Most of us have heard what poor predictors we are of what will make us happy. We work and sacrifice and give so many of our 30,000 days for something that we believe will offer happiness – the contract, the title, the house – only to find that our initial thrill is often followed by feelings of disappointment, disillusionment and dissatisfaction. The prize that we earned or won is much more complicated than we expected, bringing with it all kinds of new challenges, responsibilities, decisions and work. Not necessarily what we had in mind, while we were heading toward it.
Science, fortunately, is teaching us a lot about happiness that we can use in our day to day lives. The fact that we’re learning what we already know in our hearts and bones does not detract from the poignancy of the lessons. Let’s think about this together.
It turns out that being kind to others makes us happy. We all know this, don’t we? We all know how terrific it feels to delight someone with a gift or a gesture that they really and truly appreciate. It’s one of the best feelings. So being kind to others is also being kind to ourselves. When we create a little circuit of happiness, through such gestures, we are part of that loop, not outside of it. We are right there in the middle of it.
And in many circumstances, the gift-giver experiences even greater joy than the gift-receiver. Even when the gift-giver is young. Even really young. According to a study published in Plos One, even toddlers derive greater happiness from giving than receiving.
“While other studies have suggested adults are happier giving to others than to themselves and that kids are motivated to help others spontaneously,” Delia Fuhrmann, a Greater Good research assistant, wrote, “this is the first study to suggest that altruism is intrinsically rewarding even to very young kids, and that it makes them happier to give than to receive.”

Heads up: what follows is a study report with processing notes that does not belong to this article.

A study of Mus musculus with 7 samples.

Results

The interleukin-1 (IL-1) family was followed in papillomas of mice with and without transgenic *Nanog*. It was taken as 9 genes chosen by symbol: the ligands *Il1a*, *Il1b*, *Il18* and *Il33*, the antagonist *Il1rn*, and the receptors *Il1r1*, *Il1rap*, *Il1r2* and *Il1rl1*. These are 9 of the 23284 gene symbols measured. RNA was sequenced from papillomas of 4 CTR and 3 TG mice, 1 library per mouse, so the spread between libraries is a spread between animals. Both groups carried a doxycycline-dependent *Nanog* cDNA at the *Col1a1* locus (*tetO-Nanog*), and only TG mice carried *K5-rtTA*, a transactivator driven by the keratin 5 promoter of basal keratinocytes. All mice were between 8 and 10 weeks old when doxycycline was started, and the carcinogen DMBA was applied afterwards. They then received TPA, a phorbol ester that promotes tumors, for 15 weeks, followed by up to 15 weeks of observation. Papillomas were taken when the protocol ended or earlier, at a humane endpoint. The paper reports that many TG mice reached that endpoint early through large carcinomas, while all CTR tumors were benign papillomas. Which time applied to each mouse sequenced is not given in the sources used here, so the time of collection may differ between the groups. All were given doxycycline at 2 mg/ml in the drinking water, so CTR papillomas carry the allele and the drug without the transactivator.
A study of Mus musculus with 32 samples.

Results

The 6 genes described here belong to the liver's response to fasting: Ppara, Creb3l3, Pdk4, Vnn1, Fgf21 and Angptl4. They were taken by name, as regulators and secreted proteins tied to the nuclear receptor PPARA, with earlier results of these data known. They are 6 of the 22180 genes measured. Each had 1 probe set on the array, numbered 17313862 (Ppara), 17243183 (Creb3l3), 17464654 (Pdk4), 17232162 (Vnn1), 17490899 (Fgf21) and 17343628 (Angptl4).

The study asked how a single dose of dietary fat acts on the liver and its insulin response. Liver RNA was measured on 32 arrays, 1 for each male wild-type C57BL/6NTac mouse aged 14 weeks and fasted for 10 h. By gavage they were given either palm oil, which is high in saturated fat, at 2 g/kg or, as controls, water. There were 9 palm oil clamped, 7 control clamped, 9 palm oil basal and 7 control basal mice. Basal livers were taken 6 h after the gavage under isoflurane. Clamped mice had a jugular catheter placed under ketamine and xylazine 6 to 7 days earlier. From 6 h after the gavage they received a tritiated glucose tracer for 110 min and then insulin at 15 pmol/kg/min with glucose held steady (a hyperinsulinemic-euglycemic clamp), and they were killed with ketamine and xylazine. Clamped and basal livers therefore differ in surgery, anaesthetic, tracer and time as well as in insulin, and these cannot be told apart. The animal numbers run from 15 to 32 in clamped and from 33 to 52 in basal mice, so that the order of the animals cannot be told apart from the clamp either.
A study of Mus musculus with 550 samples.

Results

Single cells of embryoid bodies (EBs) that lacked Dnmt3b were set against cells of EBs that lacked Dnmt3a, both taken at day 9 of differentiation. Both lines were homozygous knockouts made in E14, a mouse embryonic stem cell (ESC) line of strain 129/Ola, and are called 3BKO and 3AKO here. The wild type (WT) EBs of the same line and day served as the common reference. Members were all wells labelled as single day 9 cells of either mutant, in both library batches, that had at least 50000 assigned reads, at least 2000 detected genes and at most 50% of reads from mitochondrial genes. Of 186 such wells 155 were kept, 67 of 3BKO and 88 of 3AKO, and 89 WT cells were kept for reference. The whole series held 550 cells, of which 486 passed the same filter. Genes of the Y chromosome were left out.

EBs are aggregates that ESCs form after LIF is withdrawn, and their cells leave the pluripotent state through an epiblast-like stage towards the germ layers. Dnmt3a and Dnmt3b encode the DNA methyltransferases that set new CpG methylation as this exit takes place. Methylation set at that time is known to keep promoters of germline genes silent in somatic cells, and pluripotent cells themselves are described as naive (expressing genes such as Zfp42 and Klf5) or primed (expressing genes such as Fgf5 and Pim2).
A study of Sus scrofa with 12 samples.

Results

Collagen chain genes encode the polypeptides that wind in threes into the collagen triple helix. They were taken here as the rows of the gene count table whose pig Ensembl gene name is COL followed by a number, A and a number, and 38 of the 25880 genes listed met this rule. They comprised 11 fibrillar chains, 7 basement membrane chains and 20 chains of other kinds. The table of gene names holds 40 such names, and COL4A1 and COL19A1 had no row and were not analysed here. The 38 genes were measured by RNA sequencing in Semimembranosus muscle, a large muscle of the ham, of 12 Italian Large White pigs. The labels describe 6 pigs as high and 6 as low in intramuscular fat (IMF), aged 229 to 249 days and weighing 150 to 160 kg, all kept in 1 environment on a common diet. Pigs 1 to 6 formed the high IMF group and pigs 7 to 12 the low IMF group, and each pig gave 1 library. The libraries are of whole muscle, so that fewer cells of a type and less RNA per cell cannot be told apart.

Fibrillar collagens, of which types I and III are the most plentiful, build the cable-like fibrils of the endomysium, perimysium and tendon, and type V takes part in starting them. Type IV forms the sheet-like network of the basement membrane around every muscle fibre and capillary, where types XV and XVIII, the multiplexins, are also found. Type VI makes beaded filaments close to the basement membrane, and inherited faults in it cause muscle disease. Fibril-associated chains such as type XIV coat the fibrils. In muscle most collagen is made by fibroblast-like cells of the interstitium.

Not only that, but, surprisingly, these young children tended to experience the greatest happiness when their gift was costly to them — in other words, when they needed to give up something of their own in order to give. When the snacks they shared with the puppet were from their own stash, they demonstrated greater happiness than when the snacks they shared were random snacks from the table. That’s impressive. Rather, we’re impressive. It seems we are hard-wired to be generous and kind.
Of course the configuration of that wiring can change pretty dramatically, but we would all be well-served to keep that initial vision in mind, and to act in accordance with it. Doing one special gesture for someone else – even if it’s very modest and simple – can noticeably lift our own spirits and increase our sense of joy. Not to mention making the world a sweeter place for others. Let’s get in touch with the wisdom we had as toddlers. Let’s infuse our lives with kind-hearted (and happy-making) efforts.
(by way of yesmagazine.org)
photo credit Angela7
Linda Anderson Krech, LICSW, is Program Director of the ToDo Institute and has been a frequent contributor to Thirty Thousand Days. She is the author of Little Dreams: A Practical Guide to Spiritual Parenting and has been teaching Japanese Psychology for over 20 years.